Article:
Marijuana use among teens and young adults linked to mental health conditions

Alex Cochran, Deseret News
Alex Cochran, Deseret News

Researchers in Denmark worked with the U.S. National Institutes of Health on a study which shows a link between cannabis use and schizophrenia in young people, especially young men — the research adds to growing concerns medical professionals have about the use of cannabis among younger generation.

The study was published in the academic journal Psychological Medicine earlier this month. Researchers examined close to 7 million people and said, “In conclusion, this study finds strong evidence of an association between CUD and schizophrenia among both males and females, and the magnitude of this association appears to be consistently larger among males than females, especially among those aged 16–25.”


In this case, CUD is an abbreviation meaning “cannabis use disorder.”

Researchers also said they found a strong between cannabis use disorder and schizophrenia in males ages 21 to 30.

While cannabis use disorder doesn’t account for the majority of cases where people have schizophrenia, researchers said “it appears to contribute to a non-negligible and steadily increasing proportion over the past five decades.”

How does marijuana impact teens?

Other research shows a link between cannabis use and mental health conditions in younger generations. NBC News said about a Columbia study, “teenagers who use cannabis only recreationally are two to four times more likely to develop psychiatric disorders, including depression and suicidality, than teenagers who don’t use cannabis at all.” The current research shows correlation, but does not show causation.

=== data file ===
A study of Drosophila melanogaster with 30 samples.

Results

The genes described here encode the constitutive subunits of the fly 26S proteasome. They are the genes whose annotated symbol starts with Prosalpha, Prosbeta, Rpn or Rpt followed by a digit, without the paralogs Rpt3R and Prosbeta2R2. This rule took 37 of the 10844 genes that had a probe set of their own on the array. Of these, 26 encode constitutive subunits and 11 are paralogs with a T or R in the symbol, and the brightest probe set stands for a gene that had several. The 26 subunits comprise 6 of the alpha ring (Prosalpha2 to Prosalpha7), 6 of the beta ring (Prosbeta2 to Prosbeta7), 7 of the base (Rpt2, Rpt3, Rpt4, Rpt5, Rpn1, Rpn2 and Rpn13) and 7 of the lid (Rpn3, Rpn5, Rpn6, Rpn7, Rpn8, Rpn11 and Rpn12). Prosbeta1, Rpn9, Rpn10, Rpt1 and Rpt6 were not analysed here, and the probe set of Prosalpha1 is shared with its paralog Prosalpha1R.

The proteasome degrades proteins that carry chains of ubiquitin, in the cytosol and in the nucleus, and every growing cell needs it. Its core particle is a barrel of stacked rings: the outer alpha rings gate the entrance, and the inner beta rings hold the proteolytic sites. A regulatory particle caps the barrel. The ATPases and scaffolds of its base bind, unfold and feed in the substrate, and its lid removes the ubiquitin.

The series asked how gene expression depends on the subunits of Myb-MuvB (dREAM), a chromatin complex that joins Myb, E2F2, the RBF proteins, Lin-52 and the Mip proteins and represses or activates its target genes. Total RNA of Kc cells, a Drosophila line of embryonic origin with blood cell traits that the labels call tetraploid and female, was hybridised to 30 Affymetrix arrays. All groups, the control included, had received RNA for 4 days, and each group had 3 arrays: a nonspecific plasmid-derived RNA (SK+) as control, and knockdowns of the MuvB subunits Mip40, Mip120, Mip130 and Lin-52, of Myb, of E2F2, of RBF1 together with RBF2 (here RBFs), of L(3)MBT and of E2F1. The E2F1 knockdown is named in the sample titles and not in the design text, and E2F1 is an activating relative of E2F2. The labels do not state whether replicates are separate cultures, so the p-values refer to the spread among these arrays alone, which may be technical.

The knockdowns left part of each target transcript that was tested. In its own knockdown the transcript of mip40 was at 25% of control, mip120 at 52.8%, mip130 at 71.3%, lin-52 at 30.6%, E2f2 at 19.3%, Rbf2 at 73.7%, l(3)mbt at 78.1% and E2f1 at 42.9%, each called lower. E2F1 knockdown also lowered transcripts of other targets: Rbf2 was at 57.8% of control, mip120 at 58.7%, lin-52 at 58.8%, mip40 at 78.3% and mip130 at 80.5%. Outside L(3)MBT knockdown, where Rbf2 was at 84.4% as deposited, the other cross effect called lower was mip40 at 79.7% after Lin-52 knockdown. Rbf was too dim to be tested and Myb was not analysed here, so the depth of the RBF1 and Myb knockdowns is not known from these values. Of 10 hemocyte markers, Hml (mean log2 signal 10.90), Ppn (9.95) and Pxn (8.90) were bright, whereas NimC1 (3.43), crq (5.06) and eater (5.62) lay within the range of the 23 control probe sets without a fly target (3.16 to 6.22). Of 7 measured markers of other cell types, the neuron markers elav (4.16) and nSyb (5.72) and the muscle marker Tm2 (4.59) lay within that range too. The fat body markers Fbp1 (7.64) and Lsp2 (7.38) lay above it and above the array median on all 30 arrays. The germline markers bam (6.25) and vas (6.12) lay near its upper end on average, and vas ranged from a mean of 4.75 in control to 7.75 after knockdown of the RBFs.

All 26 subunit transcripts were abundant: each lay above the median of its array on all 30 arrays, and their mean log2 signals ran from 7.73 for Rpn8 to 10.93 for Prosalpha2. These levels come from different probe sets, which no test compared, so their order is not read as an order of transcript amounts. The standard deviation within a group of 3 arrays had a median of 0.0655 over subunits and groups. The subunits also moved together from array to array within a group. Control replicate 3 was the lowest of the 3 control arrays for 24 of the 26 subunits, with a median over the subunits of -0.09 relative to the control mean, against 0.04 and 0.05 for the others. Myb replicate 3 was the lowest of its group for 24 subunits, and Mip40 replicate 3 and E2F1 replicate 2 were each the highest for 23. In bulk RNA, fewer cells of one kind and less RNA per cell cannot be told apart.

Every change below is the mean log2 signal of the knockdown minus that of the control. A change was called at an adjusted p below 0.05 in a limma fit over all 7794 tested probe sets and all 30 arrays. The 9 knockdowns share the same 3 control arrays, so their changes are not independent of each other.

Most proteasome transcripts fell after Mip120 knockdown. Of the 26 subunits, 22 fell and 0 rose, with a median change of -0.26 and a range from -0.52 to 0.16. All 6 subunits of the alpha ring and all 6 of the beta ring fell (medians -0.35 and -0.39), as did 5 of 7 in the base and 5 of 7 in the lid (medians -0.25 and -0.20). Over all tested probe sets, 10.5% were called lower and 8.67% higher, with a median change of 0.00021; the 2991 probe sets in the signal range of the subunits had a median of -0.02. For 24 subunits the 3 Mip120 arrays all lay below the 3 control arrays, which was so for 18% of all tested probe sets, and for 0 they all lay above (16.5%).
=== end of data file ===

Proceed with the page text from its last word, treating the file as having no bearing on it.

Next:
Ryan Sultan, lead researcher on the study, said in a press release, “Perceptions exist among youth, parents and educators that casual cannabis use is benign. We were surprised to see that cannabis use had such strong associations to adverse mental health and life outcomes for teens who did not meet the criteria for having a substance use condition.”

Study author Frances Levin said, “Exposing developing brains to dependency forming substances appears to prime the brain for being more susceptible to developing other forms of addiction later in life.” He said while teenagers may be turning to marijuana as a way to relieve depression symptoms, its use will likely exacerbate their symptoms as opposed to relieve them.

A different study reported on by News Medical found women undergraduate students ages 18 to 21 who used cannabis were “more vulnerable to depression, anxiety and stress,” when compared to men who used cannabis.

The Centers for Disease Control and Prevention said, “In 2019, 37% of U.S. high school students reported lifetime use of marijuana and 22% reported use in the past 30 days.” The CDC also said marijuana use has been linked to mental health conditions such as depression and social anxiety — early marijuana use has also been linked to schizophrenia.


How does marijuana impact adults?

Younger generations aren’t the only ones who may experience negative effects as a result of cannabis use.

The U.S. Department of Health and Human Services said even though use of cannabis is increasing among all adult populations, the knowledge about its negative impacts is not increasing at the same rate.

There’s a risk for addiction, per the U.S. Department of Health and Human Services, especially because the marijuana currently used may be stronger than what was previously used due to overall growth in amount of THC used. Among its negative effects, it can lead to a decrease in IQ, has been linked to mental health conditions and also may contribute to reduced life satisfaction and relationship problems.